In order to compete with the ever-flowing stream of information available to your readers and clients, your marketing language must be both creative and original.  Yet, at some point or another, we all face these dreaded words: Writer’s block.

It happens to the best of the best.  Even Oscar Wilde and Stephen King have admitted to dealing with a lack of inspiration. It seems the consensus is that writers, especially those in the marketing industry, must write good content every day.  But the stress of forcing yourself to write can increase your writer’s block.

Here are some tips to keep the creativity flowing when you are on a deadline:

Go for a walk.

Move around. It doesn’t have to be strenuous, just get the blood flowing. I do my best thinking as I’m walking, so if I’m trying to think through an idea, and organize it in my mind, a short, ten-minute walk makes such a difference. If it’s warm, jump in a swimming pool– cool off, relax, and stop stressing yourself by trying to force ideas, and your creativity will begin to flow. You’ll also be inspired by the new scenery, which brings us to the next tip:

Change your location.

I get writer’s block sometimes in my living room. I look around and think of all the things I need to do, and I start making lists of all the things I’m going to do when I’m done. This adds unnecessary stress and distraction. By trying to motivate myself to finish so I can move on to other things, I end up slowing myself down. Sit on the porch, or clear an area in front of a window. Sit on the other side of your desk. Go to the park, or places that offer outside tables, and enjoy the fresh air while you write. Even Starbucks can give you just the right mix of less distractions and people-watching. A clear, new scene can be just what you need to start thinking from a different view.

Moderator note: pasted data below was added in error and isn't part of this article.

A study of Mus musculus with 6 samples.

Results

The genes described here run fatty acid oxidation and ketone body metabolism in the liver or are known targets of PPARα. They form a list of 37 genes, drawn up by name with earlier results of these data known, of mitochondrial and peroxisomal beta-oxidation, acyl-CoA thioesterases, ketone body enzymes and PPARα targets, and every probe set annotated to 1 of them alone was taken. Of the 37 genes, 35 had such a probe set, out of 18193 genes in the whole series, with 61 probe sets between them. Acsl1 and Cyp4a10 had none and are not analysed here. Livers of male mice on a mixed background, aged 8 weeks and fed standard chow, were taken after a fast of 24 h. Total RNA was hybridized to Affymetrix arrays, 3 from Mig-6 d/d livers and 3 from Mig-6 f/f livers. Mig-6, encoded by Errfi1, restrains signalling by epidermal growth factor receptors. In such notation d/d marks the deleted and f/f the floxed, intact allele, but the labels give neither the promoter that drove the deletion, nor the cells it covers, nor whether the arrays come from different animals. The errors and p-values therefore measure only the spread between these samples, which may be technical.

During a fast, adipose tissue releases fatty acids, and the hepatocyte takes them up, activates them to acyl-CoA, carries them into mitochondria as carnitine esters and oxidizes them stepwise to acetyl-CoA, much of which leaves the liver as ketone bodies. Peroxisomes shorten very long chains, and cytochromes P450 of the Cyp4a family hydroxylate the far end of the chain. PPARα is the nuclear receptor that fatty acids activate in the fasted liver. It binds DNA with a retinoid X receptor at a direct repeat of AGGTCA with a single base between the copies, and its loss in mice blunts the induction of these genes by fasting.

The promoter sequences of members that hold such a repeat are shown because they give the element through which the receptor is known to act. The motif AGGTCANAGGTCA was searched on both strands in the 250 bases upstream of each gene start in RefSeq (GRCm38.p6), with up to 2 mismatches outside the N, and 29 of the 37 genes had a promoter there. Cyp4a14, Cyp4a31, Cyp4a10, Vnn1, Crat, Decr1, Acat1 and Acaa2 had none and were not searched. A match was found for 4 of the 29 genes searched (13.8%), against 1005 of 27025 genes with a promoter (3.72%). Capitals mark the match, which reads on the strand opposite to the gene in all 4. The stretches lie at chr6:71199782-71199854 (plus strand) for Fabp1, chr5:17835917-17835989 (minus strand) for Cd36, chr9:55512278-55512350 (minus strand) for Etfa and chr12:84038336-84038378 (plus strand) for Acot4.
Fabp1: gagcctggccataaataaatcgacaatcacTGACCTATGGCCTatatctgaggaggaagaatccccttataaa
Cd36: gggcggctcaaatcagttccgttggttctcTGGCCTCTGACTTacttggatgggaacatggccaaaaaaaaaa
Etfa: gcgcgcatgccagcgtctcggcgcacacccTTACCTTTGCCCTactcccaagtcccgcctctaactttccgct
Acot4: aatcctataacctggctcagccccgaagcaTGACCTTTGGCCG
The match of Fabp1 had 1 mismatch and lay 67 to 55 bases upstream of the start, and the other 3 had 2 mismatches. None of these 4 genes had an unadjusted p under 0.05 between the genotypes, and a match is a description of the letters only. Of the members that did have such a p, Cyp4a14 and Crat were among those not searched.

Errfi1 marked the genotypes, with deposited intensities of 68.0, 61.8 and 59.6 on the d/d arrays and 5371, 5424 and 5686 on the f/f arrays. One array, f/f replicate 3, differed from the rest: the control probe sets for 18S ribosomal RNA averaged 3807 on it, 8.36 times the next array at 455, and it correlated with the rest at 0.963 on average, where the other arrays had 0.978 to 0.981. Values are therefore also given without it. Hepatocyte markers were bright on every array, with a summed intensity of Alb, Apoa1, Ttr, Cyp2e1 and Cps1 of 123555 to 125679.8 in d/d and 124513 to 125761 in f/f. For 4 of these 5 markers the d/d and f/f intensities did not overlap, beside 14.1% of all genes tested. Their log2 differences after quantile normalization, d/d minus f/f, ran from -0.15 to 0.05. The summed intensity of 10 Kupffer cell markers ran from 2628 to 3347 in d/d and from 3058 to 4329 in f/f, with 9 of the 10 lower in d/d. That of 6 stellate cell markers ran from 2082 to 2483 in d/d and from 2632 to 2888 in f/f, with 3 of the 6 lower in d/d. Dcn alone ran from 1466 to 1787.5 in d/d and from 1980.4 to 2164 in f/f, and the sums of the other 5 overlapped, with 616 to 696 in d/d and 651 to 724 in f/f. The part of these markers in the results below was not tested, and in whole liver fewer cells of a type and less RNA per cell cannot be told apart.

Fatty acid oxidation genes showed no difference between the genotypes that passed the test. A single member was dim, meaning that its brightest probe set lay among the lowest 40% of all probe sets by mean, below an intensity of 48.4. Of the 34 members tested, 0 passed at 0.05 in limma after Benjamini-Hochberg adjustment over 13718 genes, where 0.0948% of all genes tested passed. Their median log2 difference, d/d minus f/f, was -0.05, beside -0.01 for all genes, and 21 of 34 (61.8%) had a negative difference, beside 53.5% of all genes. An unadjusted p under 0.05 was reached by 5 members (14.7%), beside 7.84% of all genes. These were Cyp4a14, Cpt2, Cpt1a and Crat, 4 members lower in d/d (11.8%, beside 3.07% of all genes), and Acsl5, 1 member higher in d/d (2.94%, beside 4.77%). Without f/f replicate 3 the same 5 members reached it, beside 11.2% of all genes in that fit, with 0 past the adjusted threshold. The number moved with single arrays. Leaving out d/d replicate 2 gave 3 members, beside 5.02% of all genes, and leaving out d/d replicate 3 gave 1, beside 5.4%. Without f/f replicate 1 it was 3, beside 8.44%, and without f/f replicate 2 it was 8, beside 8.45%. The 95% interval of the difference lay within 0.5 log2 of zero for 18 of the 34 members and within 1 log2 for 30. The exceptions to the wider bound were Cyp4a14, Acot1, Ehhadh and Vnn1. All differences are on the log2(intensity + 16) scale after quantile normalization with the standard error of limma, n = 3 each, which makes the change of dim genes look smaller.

Keep a notebook with you at all times.

Staring at a blank screen is very intimidating. Always keep a real notebook that you like–maybe a nice leather-bound idea book, or one that you decorate yourself. Having a pen and paper makes it less intimidating and you are more likely to pick it up at any point in your day to jot down whatever ideas you get. That makes it easier to do the next step:

Just start.

Doodle something, start writing keywords or brainstorming ideas. Do anything to get past the stare of the blank page and start thinking creatively. Make lists of words, keywords and synonyms, and then mix and match them. Draw in pictures instead of words, and see if your mind finds where you want to go before the brain can form the words. Your process will be different for different days and different moods, so try new things. No one has genius ideas all the time, and you’ll never consistently find the perfect phrase. Sometimes, the best ideas stem from your worst ideas. Don’t be afraid to let the writing process truly be a process. Just start!